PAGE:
In the wake of last night’s psycho-dramatic post – How do you know you aren’t dead? – I’m about to present the next Counting Creepy list.
Before I do that, though, I want to assure you that I was only feeling a little writerly last night, and that none of you need to fear for my sanity. I know I am not dead, and I didn’t mean to leave you with the impression that I am depressed. It’s Halloween-time, how could I be depressed?
Also, I want to send out a huge THANK YOU to whomever Stumbled the first installment of this series,
Courting Creepy: 13 iconic movies – for those in need of a horror foundation – at Halloween (or anytime.)
I’ve never had so much traffic. I like it.
Now on to the films!
13 unsettling films – for psychological horror fans – at Halloween (or anytime.)
Don’t attempt to accomplish anything else while you watch these films. I wouldn’t even recommend knitting, because there are so many visual clues and suggestions that you might miss. (Well, you could probably get away with an easy pattern while watching The Haunting, just because it’s got that old-movie pacing that most of us don’t tolerate well anymore. And Picnic at Hanging Rock has long stretches during which you could look away, but why would you want to?)
Most of them are better upon a second viewing … or at least more interesting from a film-making point of view. You know how some movies are vehicles for actors? These feel like vehicles for everyone but the actors. Many of these define the term plot-driven.
Boilerplate text for Courting Creepy:
Each list in Courting Creepy will have a suggested audience right in the title of the post. All the lists will be gathered onto a page, accessed via a tab, on the main page of my blog. As the lists appear, please let me know if I’m hitting my targets squarely, and feel free (even compelled) to make suggestions for inclusions. (Just remember that 13 is the magic number … for every one that needs to go on, one will have to come off. Delightfully brutal, yes?)
Note: Some films will appear on multiple lists, because some films are awesome that way.
Psycho (USA, 1960)
— It’s repeated viewings of this classic that allow you to really enjoy Anthony Perkins interpretation of Norman’s psychological state.
Carnival of Souls (1962)
— I have to warn you that the music of this movie eventually becomes so overbearing that it drives you mad. I know it’s intentional, and that it’s what the director wanted, but I wish there was a way to watch this film with just the music turned down, because it’s hard to hear the dialog, which feels like it must be important. (‘Truth is, though, this movie is best for its visuals.)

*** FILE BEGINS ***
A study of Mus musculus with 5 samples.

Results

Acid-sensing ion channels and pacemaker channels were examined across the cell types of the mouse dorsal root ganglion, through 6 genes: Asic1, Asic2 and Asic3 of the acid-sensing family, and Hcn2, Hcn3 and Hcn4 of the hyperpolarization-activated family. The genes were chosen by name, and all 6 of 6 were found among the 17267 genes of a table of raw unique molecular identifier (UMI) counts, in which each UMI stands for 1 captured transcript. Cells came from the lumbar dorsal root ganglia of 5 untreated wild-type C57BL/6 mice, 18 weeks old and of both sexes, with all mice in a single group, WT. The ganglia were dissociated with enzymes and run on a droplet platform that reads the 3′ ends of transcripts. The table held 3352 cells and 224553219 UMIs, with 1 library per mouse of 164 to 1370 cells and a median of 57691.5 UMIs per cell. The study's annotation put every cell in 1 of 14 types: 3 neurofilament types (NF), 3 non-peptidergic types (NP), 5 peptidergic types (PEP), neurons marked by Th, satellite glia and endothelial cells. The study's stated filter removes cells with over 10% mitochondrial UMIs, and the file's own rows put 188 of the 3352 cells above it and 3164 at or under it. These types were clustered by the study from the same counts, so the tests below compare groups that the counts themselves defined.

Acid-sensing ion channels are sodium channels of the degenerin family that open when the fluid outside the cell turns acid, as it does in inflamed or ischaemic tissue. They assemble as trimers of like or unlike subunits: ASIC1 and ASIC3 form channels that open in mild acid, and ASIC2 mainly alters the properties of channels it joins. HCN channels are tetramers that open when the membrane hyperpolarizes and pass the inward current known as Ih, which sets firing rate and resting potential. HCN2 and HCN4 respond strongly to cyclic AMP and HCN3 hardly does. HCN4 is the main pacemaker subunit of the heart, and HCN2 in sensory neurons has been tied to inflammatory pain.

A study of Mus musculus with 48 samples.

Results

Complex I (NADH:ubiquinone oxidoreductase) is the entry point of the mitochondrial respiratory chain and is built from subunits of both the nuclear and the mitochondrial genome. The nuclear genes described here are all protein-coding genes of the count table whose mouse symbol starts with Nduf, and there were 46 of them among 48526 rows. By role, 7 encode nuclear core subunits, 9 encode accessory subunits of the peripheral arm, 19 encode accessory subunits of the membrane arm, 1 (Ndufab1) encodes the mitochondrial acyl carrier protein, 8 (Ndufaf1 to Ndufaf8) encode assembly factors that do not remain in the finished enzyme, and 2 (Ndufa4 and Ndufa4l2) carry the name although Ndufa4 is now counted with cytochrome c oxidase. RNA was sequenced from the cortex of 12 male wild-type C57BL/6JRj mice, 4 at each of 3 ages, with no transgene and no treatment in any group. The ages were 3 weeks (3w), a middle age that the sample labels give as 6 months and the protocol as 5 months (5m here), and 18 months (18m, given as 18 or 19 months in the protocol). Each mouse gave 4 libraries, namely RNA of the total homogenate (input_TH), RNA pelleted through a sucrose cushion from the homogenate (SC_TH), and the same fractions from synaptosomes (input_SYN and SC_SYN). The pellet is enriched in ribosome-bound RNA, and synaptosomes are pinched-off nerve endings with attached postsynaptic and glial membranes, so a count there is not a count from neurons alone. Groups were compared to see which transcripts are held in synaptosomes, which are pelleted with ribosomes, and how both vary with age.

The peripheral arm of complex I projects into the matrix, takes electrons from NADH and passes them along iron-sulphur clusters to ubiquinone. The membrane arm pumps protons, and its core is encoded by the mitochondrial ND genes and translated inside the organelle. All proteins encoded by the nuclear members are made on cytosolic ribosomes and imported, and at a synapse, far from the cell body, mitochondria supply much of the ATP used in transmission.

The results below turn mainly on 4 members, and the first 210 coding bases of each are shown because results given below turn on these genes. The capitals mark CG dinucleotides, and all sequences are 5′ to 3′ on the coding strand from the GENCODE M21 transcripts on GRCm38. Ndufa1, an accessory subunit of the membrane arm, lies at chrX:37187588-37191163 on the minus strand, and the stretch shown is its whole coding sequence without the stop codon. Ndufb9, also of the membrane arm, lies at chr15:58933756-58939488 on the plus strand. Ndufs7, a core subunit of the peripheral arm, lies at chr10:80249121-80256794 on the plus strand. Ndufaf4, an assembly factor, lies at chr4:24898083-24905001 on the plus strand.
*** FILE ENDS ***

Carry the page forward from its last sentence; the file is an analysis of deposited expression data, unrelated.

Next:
The Haunting (Great Britain 1963)
— The real charm of this film is its lack of special effects. Watch for a long scene, involving wallpaper, that is all about camera work and oh-so-earnest acting by Julie Harris.
Rosemary’s Baby (USA, 1968)
— Special acknowledgment for best performance by a classic board game: Scrabble.
Picnic at Hanging Rock (Australia, 1975)
— This beautiful film tortures you sweetly by s-l-o-w-l-y meandering along, then it frustrates you by never really explaining wtf happened. If you’re anything like me, that means it will haunt you for the rest of your life. (That may be especially true if you watch it when you’re an innocent and ignorant girl of about 14.)
The Shining (USA, 1980)
— Stephen King is famously irritated by Kubrick’s interpretation of The Shining. King felt that the book was about a good man who goes bad when exposed to the duel evils of alcoholism and the Overlook Hotel itself. In the film, Jack starts out as a jerk, and he gets worse – a lot worse – mostly due to his deteriorating psychological state … which makes it perfect for this list. For the record, I agree with King; it was the hotel’s fault. (But maybe I’m biased, says the front desk clerk.)
Angel Heart (USA, 1987)
— I had to read the plot synopsis at IMDb to make sure I was remembering this movie correctly. Now I know I need to see it again, because I’d forgotten a lot of the details. In this case, that’s a good thing. This is a dense, convoluted story with one of those wonderful reveals at the end that makes you think, “Oh, now I’ve got to rethink EVERYTHING I just saw.”
Stir of Echoes (1999)
— Special acknowledgement for most troublesome in-law ever: Lisa Weil.
— When my kids were little, I made a point of occasionally waking them up in the middle of the night to go have some kind of adventure. (Fireflies. A Sunrise. Things like that.) This film can make you wonder about the consequences of your parenting style, and how you turned out as the product of your own family. (There are some seriously hard-to-watch scenes in this one, folks, and blood.)
Session 9 (2001)
— It’s rare to see work – as in a normal-person’s job – portrayed so convincingly. The developing creepy story becomes something special when it unfolds against the backdrop of a crew of guys, just working together.
Identity (USA, 2003)
— Lots of clever wordplay in this one. My favorite little quote though, is this:
Lou: [arguing] Open the fucking door!
Ginny: Not until you calm down!
Lou: [slams door viciously] I am calm! I am very fucking calm!
Secret Window (2004)
— Johnny. Depp.
Shutter Island (2010)
— Special acknowledgement for just being set on an island that can only be reached by ferry. (Who’s idea was it to build a mental hospital on an island … and then make sane people LIVE there?)